By Tom Boyd
Where's my skiing video game?
February 28, 2008 —
When Magnavox released ďAlpine Skiing!Ē in 1979 I was four years old and, admittedly, easy to entertain.
Now Iím not, and Iím severely disappointed in skiing (and snowboardingís) efforts to gain prominence in the $18.85 billion gaming industry.
In 1991, NASCAR came out with a video game called the Maxwell House Racing Simulator, which was implanted into actual NASCAR cars and deployed to supermarkets and county fairs all across the nation. The then-budding sport of NASCAR filled parking lots with kids and adults who wanted to play the game, and as they waited they stared, sometimes for hours, at stacks of Maxwell House coffee.
Not only did sales of Maxwell House coffee skyrocket, the creative marketing strategies of NASCAR continued to help double (yes, double) the NASCAR audience over the next decade.
This weekend I join that audience for the first time. Iím headed to Las Vegas, where Vail head honcho George Gillettís GEM Motorsports Team will be fielding the Budweiser Car and driver Kasey Kahne, who won NASCARís top series in 2006.
I love skiing, and I love ski racing. Iím even a Bode Miller fan, although in my opinion the all-time greatest American skier is Daron Rahlves.
Up until a few months ago, I couldnít have told you who Kasey Kahne was, or who drove the Budweiser car, and if you said, ďJimmie JohnsonĒ to me I wouldíve immediately thought of the Dallas Cowboyís ex-coach, not last yearís NASCAR champion.
But marketing works. It builds excitement. It makes you feel like youíre part of something bigger. And although Iím a big ski racing fan, I find it difficult to access. I donít encounter it in my everyday life. I donít see it at Dave and Busterís when I go there with my brother to have a beer and chill out before the big weekend.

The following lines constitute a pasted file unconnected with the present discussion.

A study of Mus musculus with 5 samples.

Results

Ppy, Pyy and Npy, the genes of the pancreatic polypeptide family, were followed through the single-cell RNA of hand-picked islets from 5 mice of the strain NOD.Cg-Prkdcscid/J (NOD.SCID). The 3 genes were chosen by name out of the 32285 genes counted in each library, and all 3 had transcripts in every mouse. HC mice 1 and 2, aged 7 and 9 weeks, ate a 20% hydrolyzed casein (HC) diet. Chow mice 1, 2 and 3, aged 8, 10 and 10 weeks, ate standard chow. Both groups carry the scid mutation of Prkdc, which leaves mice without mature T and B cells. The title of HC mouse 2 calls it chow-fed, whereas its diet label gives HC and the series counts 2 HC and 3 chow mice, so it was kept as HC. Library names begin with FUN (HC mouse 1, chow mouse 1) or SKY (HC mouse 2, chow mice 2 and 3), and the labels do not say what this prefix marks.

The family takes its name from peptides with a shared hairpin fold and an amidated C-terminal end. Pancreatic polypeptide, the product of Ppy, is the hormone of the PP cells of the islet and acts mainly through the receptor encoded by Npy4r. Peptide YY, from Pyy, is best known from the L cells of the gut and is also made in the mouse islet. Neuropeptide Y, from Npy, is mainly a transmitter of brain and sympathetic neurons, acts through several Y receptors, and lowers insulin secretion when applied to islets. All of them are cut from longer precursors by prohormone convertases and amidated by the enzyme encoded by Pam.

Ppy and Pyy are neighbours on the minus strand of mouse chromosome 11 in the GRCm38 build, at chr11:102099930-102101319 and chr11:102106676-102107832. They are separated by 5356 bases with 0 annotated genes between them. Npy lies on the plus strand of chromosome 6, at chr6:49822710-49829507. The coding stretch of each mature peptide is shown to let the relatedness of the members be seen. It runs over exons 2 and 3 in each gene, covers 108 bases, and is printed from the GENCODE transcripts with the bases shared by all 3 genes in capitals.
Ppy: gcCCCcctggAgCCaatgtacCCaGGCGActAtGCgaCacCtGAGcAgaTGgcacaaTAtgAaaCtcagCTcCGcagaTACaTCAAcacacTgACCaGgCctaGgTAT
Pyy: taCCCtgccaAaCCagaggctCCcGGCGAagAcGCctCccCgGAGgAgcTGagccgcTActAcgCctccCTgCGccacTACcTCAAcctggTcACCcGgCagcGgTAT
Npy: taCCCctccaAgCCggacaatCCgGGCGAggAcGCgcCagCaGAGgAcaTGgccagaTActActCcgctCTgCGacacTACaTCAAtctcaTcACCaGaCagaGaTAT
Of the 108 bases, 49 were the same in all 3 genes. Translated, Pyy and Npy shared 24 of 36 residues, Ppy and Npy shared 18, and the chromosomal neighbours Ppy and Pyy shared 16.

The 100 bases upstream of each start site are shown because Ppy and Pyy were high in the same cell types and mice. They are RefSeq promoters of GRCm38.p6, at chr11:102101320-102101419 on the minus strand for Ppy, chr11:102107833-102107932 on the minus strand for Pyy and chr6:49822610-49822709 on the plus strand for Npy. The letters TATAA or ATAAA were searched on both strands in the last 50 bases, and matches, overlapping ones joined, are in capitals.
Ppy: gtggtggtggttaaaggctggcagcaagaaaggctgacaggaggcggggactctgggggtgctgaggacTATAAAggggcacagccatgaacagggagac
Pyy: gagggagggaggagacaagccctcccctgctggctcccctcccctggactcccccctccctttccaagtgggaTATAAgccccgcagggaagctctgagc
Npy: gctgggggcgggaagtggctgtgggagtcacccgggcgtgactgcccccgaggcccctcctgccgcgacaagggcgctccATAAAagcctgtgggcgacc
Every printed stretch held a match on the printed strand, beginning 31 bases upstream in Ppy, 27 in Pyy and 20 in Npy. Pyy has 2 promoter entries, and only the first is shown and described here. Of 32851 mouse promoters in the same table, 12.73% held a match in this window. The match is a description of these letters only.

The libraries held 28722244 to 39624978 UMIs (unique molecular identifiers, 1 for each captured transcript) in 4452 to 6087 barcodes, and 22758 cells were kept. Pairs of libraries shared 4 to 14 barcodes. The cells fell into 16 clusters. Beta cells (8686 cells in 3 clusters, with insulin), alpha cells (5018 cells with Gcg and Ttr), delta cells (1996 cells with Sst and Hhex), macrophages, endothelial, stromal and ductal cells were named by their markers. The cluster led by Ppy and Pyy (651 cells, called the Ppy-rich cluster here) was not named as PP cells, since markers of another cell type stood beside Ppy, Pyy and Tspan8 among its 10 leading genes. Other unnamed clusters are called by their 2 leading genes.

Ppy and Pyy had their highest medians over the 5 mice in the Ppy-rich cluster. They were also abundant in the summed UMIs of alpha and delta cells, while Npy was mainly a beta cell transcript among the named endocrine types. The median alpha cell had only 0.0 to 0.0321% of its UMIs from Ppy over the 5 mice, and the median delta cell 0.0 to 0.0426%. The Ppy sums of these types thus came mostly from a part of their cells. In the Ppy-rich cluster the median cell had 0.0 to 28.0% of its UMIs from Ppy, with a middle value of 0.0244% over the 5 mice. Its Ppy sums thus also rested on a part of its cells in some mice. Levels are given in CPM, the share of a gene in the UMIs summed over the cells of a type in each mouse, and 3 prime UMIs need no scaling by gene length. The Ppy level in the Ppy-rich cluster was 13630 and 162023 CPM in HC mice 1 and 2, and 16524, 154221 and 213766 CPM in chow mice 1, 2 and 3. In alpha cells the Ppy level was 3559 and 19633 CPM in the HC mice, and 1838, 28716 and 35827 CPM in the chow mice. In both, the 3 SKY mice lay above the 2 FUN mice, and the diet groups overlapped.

On the other hand, when I play a car racing game, most of the time itís a NASCAR car racing game. When I want to play a ski racing game, or a snowboarding game, I canít even find one available, and even if it is, it pretty much sucks.
Where is the U.S. Ski Team on this front? Where is FIS on this front? In a sport like ski racing, which is equally as intriguing as car racing, youíd think thereíd be a lot of potential.
But I donít see a lot of potential in FISís ability to market skiing in the new, ever-changing, and highly digital world. Instead I picture a lot of outmoded Europeans arguing ski specifications in an ancient Alpine lodge, unaware that the future of their sport is flying past them on the internet, in video arcades, iPhones, and B2B marketing deals faster than Kasey Kahne on his way to this yearís title.
Itís fashionable these days to denigrate American Southerners for their lack of intelligence. One look at NASCAR, which has gone from a regional stock car series to the most popular motor-racing series in the world, and the largest spectator sport in the U.S.A., ought to correct that opinion.
The lack of a video game isnít everything to the U.S. Ski Team and FIS. But itís one thing. And, in my opinion, itís one of many that is lacking with skiing (and snowboardingís) PR and marketing strategies.